Saturday, July 08, 2006

John Russell, in his book "London" talks about how for a time during the second world war his spent his nights in Westminster Abbey.

In 1943, "it was thought desirable for Westminster Abbey to be patrolled during the hours of darkness by men who in one way or another were associated with art and architecture." Russell's connection with art and architecture was knowledgable love.

"It was expected that we would show up at night fall and stay until sunrise. . .Specific duties were never laid down, but it was assumed we could find our way around the Abbey. . .Though awed by our putative role in the defense of the great building, we were untried, untrained, un-led, and unequipped. The idea that a gang of aesthetes could double as paraprofessional fire fighters did us too much honor."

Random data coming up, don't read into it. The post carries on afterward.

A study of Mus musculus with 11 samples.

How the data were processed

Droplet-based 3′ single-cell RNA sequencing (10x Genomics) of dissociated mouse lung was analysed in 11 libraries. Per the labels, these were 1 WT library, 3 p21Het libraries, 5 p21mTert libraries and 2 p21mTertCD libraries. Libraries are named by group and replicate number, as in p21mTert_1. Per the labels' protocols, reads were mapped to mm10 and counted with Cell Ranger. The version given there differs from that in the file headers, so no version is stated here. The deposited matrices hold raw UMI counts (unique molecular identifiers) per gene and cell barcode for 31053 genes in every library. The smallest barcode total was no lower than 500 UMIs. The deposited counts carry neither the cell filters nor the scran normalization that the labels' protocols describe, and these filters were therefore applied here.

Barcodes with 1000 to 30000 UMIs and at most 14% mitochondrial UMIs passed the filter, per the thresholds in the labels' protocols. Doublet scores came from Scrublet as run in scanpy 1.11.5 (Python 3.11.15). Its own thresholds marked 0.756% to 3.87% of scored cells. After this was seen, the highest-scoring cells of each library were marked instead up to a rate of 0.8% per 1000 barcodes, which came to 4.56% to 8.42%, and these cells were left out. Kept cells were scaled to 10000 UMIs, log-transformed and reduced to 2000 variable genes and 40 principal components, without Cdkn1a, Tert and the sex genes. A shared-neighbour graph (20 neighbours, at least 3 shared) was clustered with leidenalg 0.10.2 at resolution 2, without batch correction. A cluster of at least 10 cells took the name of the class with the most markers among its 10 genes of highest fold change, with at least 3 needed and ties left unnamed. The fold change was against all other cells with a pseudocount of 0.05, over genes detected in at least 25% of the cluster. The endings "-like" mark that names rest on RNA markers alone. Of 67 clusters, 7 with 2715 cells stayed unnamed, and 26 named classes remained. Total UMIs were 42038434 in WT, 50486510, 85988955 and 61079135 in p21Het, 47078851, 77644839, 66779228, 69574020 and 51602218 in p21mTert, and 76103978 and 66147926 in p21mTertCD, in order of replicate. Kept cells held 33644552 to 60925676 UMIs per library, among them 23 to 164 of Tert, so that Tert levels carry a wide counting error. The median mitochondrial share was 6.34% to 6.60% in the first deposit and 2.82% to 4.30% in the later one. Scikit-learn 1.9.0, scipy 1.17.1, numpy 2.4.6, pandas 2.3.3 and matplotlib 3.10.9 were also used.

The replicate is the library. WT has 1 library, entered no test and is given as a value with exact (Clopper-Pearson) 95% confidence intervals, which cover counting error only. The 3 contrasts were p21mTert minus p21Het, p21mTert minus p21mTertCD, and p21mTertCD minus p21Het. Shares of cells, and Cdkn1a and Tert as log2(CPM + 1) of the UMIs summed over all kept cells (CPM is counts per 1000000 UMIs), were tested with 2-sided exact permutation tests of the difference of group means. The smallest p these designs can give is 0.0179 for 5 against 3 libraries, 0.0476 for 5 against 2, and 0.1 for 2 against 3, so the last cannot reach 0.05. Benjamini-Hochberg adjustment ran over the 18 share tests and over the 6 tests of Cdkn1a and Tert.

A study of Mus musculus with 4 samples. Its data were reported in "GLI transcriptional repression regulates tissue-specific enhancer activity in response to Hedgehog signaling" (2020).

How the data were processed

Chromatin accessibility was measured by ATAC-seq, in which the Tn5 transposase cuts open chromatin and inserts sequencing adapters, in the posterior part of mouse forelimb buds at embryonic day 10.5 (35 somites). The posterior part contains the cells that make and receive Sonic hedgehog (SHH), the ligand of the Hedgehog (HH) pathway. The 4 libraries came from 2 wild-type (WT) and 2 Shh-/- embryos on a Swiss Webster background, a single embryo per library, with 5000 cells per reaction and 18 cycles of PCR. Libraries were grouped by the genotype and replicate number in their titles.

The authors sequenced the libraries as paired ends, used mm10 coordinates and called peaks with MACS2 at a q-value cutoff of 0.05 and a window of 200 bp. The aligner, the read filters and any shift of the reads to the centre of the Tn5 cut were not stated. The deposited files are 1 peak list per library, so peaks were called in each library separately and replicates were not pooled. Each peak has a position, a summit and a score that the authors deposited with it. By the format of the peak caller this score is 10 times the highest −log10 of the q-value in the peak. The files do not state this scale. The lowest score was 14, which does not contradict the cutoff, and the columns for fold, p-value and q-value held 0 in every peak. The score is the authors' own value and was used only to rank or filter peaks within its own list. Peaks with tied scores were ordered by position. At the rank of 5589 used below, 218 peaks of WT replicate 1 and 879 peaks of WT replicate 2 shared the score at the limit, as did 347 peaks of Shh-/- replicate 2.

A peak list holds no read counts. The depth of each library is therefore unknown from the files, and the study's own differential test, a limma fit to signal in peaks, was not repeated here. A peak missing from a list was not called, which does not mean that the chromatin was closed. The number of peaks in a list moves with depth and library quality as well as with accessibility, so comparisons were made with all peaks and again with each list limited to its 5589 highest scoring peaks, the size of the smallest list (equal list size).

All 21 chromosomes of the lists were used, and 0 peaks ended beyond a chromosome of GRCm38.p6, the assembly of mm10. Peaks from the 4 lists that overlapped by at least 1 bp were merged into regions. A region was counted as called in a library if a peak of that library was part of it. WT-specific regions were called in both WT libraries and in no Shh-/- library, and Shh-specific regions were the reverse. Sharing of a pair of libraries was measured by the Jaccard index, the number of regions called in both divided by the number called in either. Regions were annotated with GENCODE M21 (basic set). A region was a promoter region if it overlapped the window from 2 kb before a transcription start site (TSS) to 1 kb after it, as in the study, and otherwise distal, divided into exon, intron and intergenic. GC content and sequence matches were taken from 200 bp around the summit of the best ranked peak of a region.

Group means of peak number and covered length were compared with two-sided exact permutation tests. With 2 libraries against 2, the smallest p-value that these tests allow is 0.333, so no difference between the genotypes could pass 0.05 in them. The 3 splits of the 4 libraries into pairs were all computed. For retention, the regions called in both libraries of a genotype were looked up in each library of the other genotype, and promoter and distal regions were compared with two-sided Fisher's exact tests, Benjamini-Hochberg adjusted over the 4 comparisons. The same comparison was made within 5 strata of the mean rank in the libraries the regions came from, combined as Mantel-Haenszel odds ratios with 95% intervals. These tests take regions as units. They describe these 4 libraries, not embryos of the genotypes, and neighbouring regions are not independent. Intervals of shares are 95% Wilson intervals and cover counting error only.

On the other hand, while these lovers of art and architecture patrolled a complex with many exquisite examples of same, nothing happened. No bombs hit. No fires started.

Earlier in the war, when the bombing was heavier, there had been damage--to a stained glass window, to the roof of the library. While these men wandered around, nothing.

Things happen and don't happen for more reasons than we are capable of knowing, but malevolence and randomness might have gotten a tiny push away in a great big building with a small group of people in it who deeply, smartly cared.

--John Russell's well written meditations on the city he loves and its history are illustrated by good and great art--a few superb photographs, but mostly paintings. "London" published by Harry Abrams, so good at beautiful books that aren't shallow.